Attentiveness: Division and Proclamation
Dr. Scott W. Sunquist
In the early months of 1970, my local Presbyterian Church went through a terrible split. About half of the congregation voted to remove the senior pastor. At that same congregational meeting that cold and bleak winter, the other half of the congregation basically said, “Oh yeah? Then we want the associate pastor removed too!” The vote was taken, and, in the end, we could not get a pastor for over two years. No thoughtful pastor would take this position in a church so contentious…it was in decline. I found all of this off-putting, so I faded away from worship during the following months.
However, one couple was concerned about youth like me and my sister. They contacted Campus Crusade for Christ (CRU today) and asked if there was a staff member who could come on Sunday afternoons to their home and lead a Bible study for the youth. I was invited by one of the daughters of this couple. My motives for attending were less than spiritual, but God used even my feeble reasons for attending.
Seven of us attended that first meeting. Buddy Chase made sure we had Bibles, and then he just talked about Jesus for the next five or Sundays. I loved it. At the ripe old age of 16, I had never really read long passages of the Bible, and I had never thought about Jesus’ life as a whole and what it means to really follow Jesus. I was a generic cultural Christian with a Christian faith so bland that it did not draw the attention of the demons.
All that changed when, about the sixth- or seventh-week, Buddy asked us why we weren’t inviting our friends. Like Peter, I was quick to answer, but not as quick to think about my answer. “We have a good thing going here with the seven of us. Why would we invite others who might not mess it up?” Our little Bible study was made up of some of the cool people from high school. I was guilty of being a rather shallow, stuck-up high school athlete at the time.
Buddy gave us a 10- or 15-minute explanation of the Gospel: why Jesus came to earth, what his life, death, and resurrection means for us today, and how his life raises a question for every person: “Will you receive my gift for you and give your life to me?” That is exactly what I needed to hear. That night, before I went to sleep, I prayed the sinner’s prayer and knew my whole life would be changed now. My first verse to memorize that November night was Luke 9:62: “No one who puts his hand to the plow and turns back is fit for the Kingdom of Heaven.”
Today our churches, our society, our denominations are divided. Often the reasons for division are complex, but everyone who is leading a division feels their position is righteous and necessary.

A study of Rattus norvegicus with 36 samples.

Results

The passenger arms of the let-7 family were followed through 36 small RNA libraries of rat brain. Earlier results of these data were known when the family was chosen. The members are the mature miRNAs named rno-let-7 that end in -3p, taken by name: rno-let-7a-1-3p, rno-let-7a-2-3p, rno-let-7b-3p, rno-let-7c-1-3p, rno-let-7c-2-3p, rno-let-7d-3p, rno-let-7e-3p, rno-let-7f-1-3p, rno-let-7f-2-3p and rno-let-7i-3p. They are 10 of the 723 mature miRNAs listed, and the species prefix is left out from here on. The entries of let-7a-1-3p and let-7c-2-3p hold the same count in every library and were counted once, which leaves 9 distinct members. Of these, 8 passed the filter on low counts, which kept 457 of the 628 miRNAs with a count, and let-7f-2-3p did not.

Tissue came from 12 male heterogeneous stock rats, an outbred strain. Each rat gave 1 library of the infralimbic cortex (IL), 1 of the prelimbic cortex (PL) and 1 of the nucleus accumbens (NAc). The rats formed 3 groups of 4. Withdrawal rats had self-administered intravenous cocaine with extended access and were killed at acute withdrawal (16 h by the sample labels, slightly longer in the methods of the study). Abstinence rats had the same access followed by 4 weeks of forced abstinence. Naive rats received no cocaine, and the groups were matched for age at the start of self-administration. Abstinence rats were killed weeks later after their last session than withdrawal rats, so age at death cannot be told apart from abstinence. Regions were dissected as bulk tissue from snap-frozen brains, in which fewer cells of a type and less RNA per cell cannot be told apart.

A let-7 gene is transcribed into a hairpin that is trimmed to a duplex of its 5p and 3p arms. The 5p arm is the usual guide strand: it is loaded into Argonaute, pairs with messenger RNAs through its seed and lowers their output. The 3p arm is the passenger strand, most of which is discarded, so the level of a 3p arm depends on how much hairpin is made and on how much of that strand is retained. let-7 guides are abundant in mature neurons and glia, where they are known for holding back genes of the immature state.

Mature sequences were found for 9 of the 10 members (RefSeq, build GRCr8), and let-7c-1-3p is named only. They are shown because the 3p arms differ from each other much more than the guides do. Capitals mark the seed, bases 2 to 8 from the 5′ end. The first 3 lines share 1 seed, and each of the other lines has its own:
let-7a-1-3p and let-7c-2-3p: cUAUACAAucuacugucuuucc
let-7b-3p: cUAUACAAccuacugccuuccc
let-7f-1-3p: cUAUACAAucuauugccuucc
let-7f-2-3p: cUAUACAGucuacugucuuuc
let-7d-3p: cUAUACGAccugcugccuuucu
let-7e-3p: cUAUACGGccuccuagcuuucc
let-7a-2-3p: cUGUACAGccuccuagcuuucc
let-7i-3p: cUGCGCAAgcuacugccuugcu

I believe we need to pray against all of these divisions, pray against the gossip and self-righteousness that is often behind divisions, pray for truth to be revealed, and at the same time re-commit ourselves to evangelism.
Reading through I Corinthians I am struck that this was Paul’s approach concerning the divisions in Corinth. He spoke directly about the problems (big personalities, lawsuits, sloppy theology and worship, pride about spiritual gifts, immorality in the church, etc.) which sound so familiar to us today if we are paying attention. But then, in the midst of these discussions he recenters his purpose and ours. He speaks about Jesus, the Gospel, and salvation. “If I proclaim the gospel, this gives me no ground for boasting, for an obligation is laid on me, and woe to me if I do not proclaim the gospel!…I am entrusted with a commission” (I Corinthians 9:16f). “To the weak I became weak, to win the weak. I have become all things to all people so that by all possible means I might save some.” (9:22). “Just as I try to please everyone in everything I do, not seeking my own advantage, but that of many so that they may be saved” (10:33).
I suggest that coming out of a pandemic—which has disturbed so many of us spiritually, mentally, physically, and socially—we boldly reaffirm proclamation of the Gospel. We may feel that this is avoiding other urgent issues, but I would argue the other issues which divide us will not be solved with theological integrity if we do not see the connection between our unity in Christ, truth telling, and Gospel proclamation. It is John 17 again, which must guide us today (John 17:14-23).
The world needs to see this type of other-worldly unity built upon humble submission to Jesus Christ, who is the Cosmic Lord.
Scott W. Sunquist, the President of Gordon-Conwell Theological Seminary, writes a weekly blog, “Attentiveness” which is posted each Tuesday on the Gordon-Conwell web site. He welcomes comments, responses, and good ideas.